A DAY AT INCRESE: 2018 ALUMNI FORUMINCRESE
On average INCRESE graduates 100 young people from a one year course on leadership, sexuality, gender and HIV.
Over the years INCRESE has recognized that these young people require some mentoring and has put a support system in place where young graduates can be mentored by older graduates. This system brings the alumni annually to spend “A DAY AT INCRESE”.
The forum is organized with the following objectives in mind:
• To share experience on interventions after graduation.
• To learn, network and develop a road map to strengthen career interests on I.C.T., Entrepreneurship, Creative, Writing, Health, Education, and Development Work.
• To understand the concept of intersectionality of rights in leadership development.
On 28th of April, the 2018 forum was held at INCRESE. The theme of the day was “Intersectionality of Rights in Leadership Development”.
Executive Director, Dorothy Aken’Ova, addressing the alumni on the Intersectionality of Rights
Intersectionality of rights is a concept in human development that demonstrates how one right mutually compliments another. It shows how infringement on a right can have adverse impact on the enjoyment of other rights (meaning we can’t separate one right from another) for example; limiting the movement of a woman (right to freedom of movement) can endanger her life (right to life). This is demonstrated in the daily lives of pregnant women needing obstetric emergency care in the conservative north of Nigeria. Women living in this context are required by traditional norms to obtain permission from a male member of the family, the hierarchy which begins from the husband, before they can leave the house.
Some pregnant women bleeding in pregnancy are compelled to wait for their husband to obtain permission to go to the hospital; some of these women have died when the waiting was too long.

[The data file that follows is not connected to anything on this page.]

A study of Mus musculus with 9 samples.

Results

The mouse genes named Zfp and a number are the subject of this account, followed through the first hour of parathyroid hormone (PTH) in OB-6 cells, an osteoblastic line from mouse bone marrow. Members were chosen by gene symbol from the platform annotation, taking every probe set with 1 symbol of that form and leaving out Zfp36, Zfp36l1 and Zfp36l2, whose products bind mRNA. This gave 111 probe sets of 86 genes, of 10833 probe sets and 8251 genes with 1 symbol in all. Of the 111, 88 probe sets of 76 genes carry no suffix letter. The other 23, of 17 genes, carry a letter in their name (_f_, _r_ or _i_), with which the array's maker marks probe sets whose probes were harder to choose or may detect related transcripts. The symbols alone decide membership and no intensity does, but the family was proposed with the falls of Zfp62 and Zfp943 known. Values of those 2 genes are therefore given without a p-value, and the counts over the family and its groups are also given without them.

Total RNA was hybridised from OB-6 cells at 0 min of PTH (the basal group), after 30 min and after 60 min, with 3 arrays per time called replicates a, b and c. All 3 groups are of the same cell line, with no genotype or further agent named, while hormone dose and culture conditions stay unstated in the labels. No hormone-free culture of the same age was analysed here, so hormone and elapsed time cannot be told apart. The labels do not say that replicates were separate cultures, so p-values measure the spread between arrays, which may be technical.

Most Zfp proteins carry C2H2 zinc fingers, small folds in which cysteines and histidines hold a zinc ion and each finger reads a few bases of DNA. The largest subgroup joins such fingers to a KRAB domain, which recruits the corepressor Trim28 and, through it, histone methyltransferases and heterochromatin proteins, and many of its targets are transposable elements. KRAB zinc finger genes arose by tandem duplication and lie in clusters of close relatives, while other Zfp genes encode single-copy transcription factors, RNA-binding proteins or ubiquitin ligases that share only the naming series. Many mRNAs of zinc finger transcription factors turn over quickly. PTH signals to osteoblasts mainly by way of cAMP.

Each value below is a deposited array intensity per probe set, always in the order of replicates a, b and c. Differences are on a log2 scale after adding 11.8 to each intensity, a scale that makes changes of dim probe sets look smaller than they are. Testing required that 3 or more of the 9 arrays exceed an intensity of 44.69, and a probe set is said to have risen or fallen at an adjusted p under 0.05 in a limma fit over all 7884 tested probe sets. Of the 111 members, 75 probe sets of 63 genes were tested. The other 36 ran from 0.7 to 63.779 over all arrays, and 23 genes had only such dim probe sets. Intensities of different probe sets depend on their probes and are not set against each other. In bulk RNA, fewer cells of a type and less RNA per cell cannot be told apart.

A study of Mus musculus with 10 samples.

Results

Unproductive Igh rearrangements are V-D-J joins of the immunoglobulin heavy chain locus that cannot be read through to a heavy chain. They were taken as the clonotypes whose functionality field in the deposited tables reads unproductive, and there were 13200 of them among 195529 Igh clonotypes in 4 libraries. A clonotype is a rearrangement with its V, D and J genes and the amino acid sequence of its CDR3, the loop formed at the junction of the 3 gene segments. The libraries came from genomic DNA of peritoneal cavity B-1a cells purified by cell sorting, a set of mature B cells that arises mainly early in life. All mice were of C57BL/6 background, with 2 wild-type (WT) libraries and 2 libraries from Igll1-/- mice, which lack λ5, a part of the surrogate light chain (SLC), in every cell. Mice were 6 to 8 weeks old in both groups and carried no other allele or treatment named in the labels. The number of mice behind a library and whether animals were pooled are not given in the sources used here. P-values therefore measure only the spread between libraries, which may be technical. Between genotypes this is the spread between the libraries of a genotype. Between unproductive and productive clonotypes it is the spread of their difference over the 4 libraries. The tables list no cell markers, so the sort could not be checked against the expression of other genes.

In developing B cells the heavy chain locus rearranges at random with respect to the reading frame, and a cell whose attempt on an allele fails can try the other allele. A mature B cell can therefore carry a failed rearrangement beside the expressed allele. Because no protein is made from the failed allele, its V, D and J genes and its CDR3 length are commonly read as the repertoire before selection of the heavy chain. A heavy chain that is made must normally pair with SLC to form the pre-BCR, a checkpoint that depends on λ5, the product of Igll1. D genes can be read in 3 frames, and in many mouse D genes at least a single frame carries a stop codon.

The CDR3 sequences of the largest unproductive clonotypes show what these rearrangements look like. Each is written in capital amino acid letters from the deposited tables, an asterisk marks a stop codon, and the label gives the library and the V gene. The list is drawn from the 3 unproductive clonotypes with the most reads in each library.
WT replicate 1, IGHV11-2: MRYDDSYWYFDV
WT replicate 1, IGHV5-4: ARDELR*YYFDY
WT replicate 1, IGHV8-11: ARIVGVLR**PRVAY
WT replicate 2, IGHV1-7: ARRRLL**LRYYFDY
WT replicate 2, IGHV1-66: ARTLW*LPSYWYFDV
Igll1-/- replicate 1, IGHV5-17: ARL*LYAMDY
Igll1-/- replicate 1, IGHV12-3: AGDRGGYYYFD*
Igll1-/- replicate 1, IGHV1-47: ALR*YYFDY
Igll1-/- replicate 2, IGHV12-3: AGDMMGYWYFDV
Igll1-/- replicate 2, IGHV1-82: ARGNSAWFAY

Intersectionality of rights also demonstrates how rights of individual or groups are interconnected. For instance women, people living with HIV, victims of human trafficking and sexual abuse, sex workers, injectable drug users, lesbians, gay, bisexual, transgender are often discriminated against and stigmatized. Protecting one of this population sub groups, for example women, and leaving out the others makes it impossible to eliminate all forms of violence against women. The question here is; what happens to the woman who is HIV positive or who is a sex worker or who is a lesbian or even a survivor of trafficking or rape? What happens to a man whose wife was raped? What is the sexual health status of a woman whose husband engages in indiscriminate unprotected sex?
Understanding intersectionality of rights and operationalizing same in development projects guarantees protection of all rights for all people.
Mr. Kehinde Okanlawon making his contrubution at the Alumni Forum
Present at the forum was, former staff of INCRESE Mr. Kehinde Okanlawon stating that “intersectionality of rights is a basis for human development”. Using sex workers as an example of the key population that faces discrimination, gender based violence and all kinds of abuse from community members. He concluded that people need to understand that sex workers are human beings and their rights need to recognized and respected.
INCRESE used this forum to introduce a new project to the Alumni: Connecting the Dots.
This is a movement building initiative that seeks to connect rights issues and also connect young adults from across various sectors from all over Nigeria. This project is focused on developing the capacity of young adults and organizing them into a movement.
The project provides a platform for skills, improved political participation and will constitute a critical mass to influence policies and programs on population health and development. They will be fellows of connecting the dots; the “3PHD”.